April 1, 2011

A Lake Superior judge may not be breaking any new legal ground with an election-related ruling this week, but he’s set the stage for an appeal that could clear up confusion about whether nonpartisan school board members must give up their right to run for a public office that requires the candidate to declare their political party affiliation.

The ruling by Lake Superior Judge Jesse Villalpando came in George T. Janiec v. Lake County Board of Election and Registration, No. 45D12-1103-MI-00014. Hammond school board member George Janiec wants to run as a Republican against incumbent Democratic city mayor Thomas McDermott Jr. in the May 3 primary. The Democratic Party members of the Lake County Elections Board agreed to remove Janiec from the ballot on grounds that state statute prevents local school board members from political campaigning. If Janiec wants to run for mayor, he must first resign from the school board.

Janiec appealed to the trial court. Judge Villalpando on Wednesday ruled against him and found that he should essentially remove himself from the ballot. At issue is whether Janiec breached an implied statutory duty outlined in Indiana Code Section 20-25-3-3(c)(4) that he wouldn’t be influenced by any political considerations once he took the school board seat July 1, 2010, but did just that when declaring his candidacy for the partisan municipal mayor seat in February.

In his ruling, the judge wrote, “The court finds as a matter of law that the Election Board acted consistent with legislative authority pursuant to: I.C. 20-25-3-3(c)(4), contrary to the legal authority cited in either Petitioner’s or Respondent’s legal memoranda. I.C. 20-25-3-3 specifically applies to the question of conduct to which eligible school board members must adhere. This statute is unambiguous and spot on as it applies to the operative facts of this case.”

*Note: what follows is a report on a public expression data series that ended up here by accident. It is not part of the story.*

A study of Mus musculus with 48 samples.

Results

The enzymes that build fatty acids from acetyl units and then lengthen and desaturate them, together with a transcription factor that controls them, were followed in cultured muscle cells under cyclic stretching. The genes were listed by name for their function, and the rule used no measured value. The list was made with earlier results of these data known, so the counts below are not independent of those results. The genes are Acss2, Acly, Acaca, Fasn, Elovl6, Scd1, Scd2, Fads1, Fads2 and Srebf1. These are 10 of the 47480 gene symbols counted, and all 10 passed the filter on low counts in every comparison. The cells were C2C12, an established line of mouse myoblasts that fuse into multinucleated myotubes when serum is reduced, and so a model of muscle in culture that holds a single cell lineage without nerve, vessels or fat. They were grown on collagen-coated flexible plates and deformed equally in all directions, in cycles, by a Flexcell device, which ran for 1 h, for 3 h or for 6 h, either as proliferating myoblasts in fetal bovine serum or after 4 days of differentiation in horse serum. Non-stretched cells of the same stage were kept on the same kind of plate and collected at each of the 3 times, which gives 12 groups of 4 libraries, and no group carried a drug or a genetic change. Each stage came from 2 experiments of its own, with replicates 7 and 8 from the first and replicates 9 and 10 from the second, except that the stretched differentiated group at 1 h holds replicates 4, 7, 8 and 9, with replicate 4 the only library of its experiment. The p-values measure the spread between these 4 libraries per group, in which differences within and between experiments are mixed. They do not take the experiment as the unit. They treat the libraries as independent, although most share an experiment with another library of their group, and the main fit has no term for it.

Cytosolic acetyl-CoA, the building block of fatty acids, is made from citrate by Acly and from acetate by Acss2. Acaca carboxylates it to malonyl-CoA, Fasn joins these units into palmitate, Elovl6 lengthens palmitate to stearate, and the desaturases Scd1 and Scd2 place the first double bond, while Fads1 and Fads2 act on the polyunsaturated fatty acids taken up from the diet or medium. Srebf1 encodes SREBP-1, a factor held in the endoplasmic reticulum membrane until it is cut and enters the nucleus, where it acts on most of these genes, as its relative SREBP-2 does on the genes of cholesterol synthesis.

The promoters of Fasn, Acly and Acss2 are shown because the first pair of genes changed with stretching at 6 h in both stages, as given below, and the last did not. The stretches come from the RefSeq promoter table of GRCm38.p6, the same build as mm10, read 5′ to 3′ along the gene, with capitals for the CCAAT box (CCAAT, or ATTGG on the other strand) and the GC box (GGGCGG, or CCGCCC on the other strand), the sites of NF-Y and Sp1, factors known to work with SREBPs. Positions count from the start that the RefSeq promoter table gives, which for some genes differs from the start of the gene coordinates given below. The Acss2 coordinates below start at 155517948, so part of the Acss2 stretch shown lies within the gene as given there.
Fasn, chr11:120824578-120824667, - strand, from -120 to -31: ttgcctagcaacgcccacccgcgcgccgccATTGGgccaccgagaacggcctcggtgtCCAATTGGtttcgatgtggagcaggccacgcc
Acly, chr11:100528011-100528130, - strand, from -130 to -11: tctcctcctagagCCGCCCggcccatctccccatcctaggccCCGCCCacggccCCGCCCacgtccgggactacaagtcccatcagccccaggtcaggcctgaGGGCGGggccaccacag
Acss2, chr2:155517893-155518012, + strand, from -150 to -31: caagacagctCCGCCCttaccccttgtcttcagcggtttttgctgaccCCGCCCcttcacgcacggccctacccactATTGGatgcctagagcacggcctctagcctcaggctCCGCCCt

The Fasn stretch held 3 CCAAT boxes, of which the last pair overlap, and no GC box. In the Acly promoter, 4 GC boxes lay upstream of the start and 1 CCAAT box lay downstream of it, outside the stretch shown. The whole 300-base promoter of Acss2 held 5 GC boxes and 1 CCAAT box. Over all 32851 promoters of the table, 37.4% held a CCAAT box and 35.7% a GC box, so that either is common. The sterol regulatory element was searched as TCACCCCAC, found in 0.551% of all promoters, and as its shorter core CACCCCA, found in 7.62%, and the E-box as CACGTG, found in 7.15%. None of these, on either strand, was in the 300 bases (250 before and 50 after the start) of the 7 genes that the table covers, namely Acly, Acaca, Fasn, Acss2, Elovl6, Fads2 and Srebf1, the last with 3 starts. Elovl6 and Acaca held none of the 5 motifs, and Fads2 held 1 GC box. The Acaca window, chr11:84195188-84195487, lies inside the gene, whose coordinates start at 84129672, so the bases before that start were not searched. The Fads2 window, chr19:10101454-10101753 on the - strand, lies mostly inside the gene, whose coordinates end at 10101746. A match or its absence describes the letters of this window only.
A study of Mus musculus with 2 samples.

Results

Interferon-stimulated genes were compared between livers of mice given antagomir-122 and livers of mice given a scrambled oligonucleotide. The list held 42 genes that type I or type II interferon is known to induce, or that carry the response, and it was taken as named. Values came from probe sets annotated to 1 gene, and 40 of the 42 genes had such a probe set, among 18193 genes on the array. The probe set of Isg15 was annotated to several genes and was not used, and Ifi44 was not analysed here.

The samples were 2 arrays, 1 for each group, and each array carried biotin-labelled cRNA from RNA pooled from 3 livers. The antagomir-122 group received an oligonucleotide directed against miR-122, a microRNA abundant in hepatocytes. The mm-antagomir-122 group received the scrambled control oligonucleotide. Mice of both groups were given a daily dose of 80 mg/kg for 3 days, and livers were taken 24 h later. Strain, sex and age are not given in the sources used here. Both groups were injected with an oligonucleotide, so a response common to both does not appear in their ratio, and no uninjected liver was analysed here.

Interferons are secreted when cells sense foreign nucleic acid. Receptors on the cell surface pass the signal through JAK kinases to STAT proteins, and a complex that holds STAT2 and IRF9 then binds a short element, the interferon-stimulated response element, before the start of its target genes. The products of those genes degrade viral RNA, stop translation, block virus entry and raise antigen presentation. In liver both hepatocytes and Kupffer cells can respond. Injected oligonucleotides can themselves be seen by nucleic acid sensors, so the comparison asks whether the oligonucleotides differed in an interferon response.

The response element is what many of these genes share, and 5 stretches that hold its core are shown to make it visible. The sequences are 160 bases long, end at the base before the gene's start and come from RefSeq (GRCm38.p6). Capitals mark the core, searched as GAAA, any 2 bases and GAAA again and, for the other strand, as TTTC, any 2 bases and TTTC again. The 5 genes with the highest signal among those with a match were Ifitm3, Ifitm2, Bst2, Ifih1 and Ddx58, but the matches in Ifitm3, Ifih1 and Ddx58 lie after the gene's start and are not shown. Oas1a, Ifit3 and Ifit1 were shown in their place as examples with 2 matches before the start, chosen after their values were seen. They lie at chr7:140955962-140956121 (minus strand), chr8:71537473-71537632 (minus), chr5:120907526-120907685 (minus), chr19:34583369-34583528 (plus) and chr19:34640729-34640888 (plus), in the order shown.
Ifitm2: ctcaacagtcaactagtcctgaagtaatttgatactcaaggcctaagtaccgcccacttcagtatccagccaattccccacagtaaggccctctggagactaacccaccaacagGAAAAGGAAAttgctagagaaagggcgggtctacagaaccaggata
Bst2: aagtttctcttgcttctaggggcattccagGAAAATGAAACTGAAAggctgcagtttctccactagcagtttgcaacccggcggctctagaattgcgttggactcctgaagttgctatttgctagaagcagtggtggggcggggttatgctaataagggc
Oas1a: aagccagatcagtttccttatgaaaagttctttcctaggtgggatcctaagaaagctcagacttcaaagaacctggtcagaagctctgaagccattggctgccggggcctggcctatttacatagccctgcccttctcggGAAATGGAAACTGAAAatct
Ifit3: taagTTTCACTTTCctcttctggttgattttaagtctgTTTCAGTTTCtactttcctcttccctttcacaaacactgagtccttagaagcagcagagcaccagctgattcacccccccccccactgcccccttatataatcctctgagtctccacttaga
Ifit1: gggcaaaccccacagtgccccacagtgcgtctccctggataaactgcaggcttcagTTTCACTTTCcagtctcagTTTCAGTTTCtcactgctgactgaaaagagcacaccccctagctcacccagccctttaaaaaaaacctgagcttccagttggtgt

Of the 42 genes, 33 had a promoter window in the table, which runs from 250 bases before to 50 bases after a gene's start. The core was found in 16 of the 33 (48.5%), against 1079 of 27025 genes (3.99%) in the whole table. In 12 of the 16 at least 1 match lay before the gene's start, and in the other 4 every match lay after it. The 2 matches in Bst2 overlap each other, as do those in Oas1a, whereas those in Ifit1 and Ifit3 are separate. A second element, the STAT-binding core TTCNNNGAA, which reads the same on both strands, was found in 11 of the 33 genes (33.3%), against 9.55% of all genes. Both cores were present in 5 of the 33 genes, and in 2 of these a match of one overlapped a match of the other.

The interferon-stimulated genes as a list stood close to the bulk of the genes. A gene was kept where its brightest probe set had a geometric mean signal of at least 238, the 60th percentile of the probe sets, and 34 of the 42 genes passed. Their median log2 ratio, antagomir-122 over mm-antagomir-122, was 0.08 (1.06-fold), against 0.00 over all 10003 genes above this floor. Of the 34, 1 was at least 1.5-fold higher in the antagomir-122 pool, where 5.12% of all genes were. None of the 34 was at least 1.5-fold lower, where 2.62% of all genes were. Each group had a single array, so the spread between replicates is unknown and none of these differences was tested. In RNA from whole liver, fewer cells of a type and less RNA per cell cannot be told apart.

Judge Villalpando wrote this isn’t a case of first impression as the election board attorney James Weiser argued, and that the petitioner’s attorneys Cordell Funk and William Fine are also incorrect in saying the election board created a new standard in denying Janiec’s candidacy.

In his 10-page ruling, the judge cited a code of ethics adopted by the School City of Hammond and the Indiana School Board Association that states board members should refuse to "'play politics in either the traditional, partisan or in any petty sense." The Indiana Supreme Court dictated the limited judicial review applicable in this case in its ruling, LTV Steel v Griffin, and using that case, Judge Villalpando ruled that Janiec alone created the condition that undermined his candidacy for mayor according to any straightforward examination of I.C. 20-25-3-3(c)(4). As a result, the Election Board did not abuse its discretion in its March 7th ruling barring Janiec’s candidacy.

The holding is limited to the specific operative facts stated in Janiec’s case and is not intended to establish new policies pertaining to school board members’ constitutionally protected political activities, other than filing a declaration of candidacy for partisan municipal office while holding a nonpartisan office.

But whether the judge intends for this to be a broad stroke or not, history shows that others have done what Janiec is being barred from doing now.

Four decades ago, Hammond school board member Ralph Potesta used his position to win election as a Republican to the Indiana Senate, and currently two other Lake County school board members remain on the May 3 primary ballot for city council seats despite their current positions. Gary School Board trustee LaBrenda King-Smith faced a challenge in her running for city council but that failed on technical grounds. Lake Station School Board member Michael Stills is running for an at-large City Council seat and has been unchallenged.

A notice of appeal in Janiec’s case was filed following a hearing on Thursday, but nothing yet appears on the appellate docket. This issue is on a truncated time table because early voting begins on Monday.